Honda tech: H22A valve adjustment

Posted in Tech

If you own an H22A-powered Honda, you’re probably familiar with the ticking noises they’re well known for. The habit is not only very irritating and loud; it’s a sign that your valve clearances are a whisker out, which can lead to reduced fuel consumption, a lower power output, and prematurely worn cam lobes. We teamed up with Jtune Engineering to show you how to fix the issue in less than two hours .

Tools required

•     10mm socket
•     Ratchet
•     Extensions (at least 400 millimetres’ worth)
•    Spark-plug socket (21mm)
•     Long screwdriver or narrow stick (around 350mm)
•     Feeler gauge that’s correct for your application
•     Silicone sealant
•     Special Honda valve-adjustment tool (Jtune’s example is made from an old 10-millimetre-deep socket, a welded-on lever, and a piece of pipe as the handle. Make sure there’s a hole down the centre big enough for a screwdriver to go through)

Step one: preparation

Before you begin this task, ensure that the engine is completely cool, as the tolerances adjusted within this guide are affected by heat. For this feature, we allowed up to six hours for the engine to cool right down. 

Step two: disassembly

Begin by removing the spark plugs and leads. The spark plugs are removed so that you can easily figure out when the piston you’re working on is at its highest point. This is important, because the valve adjustment cannot be done at any other stage in the engine’s four-stroke cycle.

Once the plugs have been removed, unbolt the rocker cover, associated cabling going over the rocker cover, and positive-crankcase-ventilation (PCV) valve hoses. Ensure you don’t lose the rubber grommets used to hold the rocker cover down, and take this as a chance to check the condition of your spark plugs. Starting on the cylinder furthest from the distributor, place your long screwdriver into the spark-plug hole, so that it sits on top of the piston.

Step three: finding TDC

Get a friend to jump into the driver’s seat, turn the key over to accessory so as to avoid the steering lock, and turn the wheel left hand-down, all the way. This will give you access to the crank-pulley bolt, which we’ll use to turn the engine over until the piston you’re working on is at top dead centre (TDC, the highest point of the stroke), using your ratchet and range of extensions to clear the tyre. As you turn the engine over, watch the screwdriver sitting atop the piston rise and fall. Stop when it’s at its highest. 

It will reach this point twice within the four-stroke cylce so you will need to check that both the cam lobes are facing directly upwards, meaning that both valves are closed. This is the position the lobe needs to be in to make the valve adjustment.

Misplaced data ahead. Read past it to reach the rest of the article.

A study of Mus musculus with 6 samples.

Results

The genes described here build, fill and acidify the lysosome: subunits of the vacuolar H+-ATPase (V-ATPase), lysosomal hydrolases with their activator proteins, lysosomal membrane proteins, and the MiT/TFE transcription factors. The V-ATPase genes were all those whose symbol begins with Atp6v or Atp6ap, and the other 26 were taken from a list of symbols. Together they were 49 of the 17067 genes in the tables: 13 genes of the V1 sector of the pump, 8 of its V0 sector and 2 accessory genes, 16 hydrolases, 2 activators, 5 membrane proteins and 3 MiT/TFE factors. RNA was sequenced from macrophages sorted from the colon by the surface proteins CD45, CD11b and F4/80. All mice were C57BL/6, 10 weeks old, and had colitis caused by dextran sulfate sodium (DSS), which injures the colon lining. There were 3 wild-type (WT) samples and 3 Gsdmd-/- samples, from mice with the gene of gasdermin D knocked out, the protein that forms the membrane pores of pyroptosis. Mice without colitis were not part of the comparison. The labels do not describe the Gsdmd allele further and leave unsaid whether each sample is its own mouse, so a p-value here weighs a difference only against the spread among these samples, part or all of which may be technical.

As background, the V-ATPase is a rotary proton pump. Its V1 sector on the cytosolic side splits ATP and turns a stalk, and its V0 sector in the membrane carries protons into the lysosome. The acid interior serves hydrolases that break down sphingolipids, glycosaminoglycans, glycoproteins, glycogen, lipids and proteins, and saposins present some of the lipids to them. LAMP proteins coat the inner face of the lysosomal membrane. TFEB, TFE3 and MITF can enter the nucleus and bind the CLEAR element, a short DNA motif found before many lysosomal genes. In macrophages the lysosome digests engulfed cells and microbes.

Step four: valve adjustment — exhaust

Now that you’re ready to adjust your valves, arm yourself with your special valve-adjustment tool, a flathead screwdriver, and a feeler gauge. To begin, loosen the nut that sits on top of the valve with your special valve-adjustment tool. Start on the exhaust side to ensure consistency. 
Once the nut is loose, slide your feeler gauge between the base of the cam and the rocker, the aim being 0.008mm, as this is spec for a H22A engine. We found our measurement was as big as 0.010, which is too large. To get a correct measurement with a feeler gauge, the gauge needs to slide in and out with a slight resistance: if there’s no resistance, it’s too loose, and, if it doesn’t move, it’s too tight. To tighten up the measurement, insert your flathead screwdriver through your valve-adjustment tool, and adjust the screw that sits within the nut. Be careful, though, as when you tighten to the right measurement, you must firmly hold the screw in place with your screwdriver. If you aren’t careful with this, tightening the nut can loosen the screw, bringing you back to square one. Once the nut is tight, check your clearances to ensure they’re still 0.008mm. 

Step five: valve adjustment — intake

Once you’ve completed the exhaust side for cylinder four, move onto the intake side. Doing it this way ensures that you will work on one cylinder at a time, rather than crossing over to cylinder two or whichever cylinder is at TDC, which can lead to confusion. The intake side measurement should be set to 0.006mm. Why smaller than the exhaust side? As the exhaust side gets hotter, the tolerances used need to allow for thermal expansion. 

Step six: reassembly

Once you’ve completed cylinder four, make your way onto cylinder three, then two, then one. You’ll need to rotate your crank pulley for each one, ensuring the cylinder that you’re working on is at TDC. Once you’ve completed your valve adjustments to spec, reassemble everything you’ve pulled apart to get the job done. Before the rocker cover goes on, check the condition of the gasket. If it’s rock hard, it needs replacing. If the rubber is still good, a simple bead of silicone on each corner is all that will be required. Let the silicone dry for an hour or so, then fire the engine up and listen for any strange noises. Depending on how badly your valve adjustment was out, you should notice an audible difference and feel a slight improvement in both power output and fuel economy. 

This article originally appeared in NZ Performance Car Issue No, 231. You can pick up a print copy or a digital copy of the magazine below:

René Vermeer

Dutch, French, or just a Kiwi, René isn’t quite sure, but he does know he has a passion for Japanese vehicles like no other. A well-seasoned Gran Turismo player dating back to his single-digit days, René has a comprehensive knowledge of a wide range of performance vehicles and has owned more than 30 performance cars here in New Zealand, ranging from Nissans to Hondas. A lover of photography, you’ll find him either peeping under someone’s bonnet to snap a detailed shot, or on the side of the racetrack, perfecting his panning.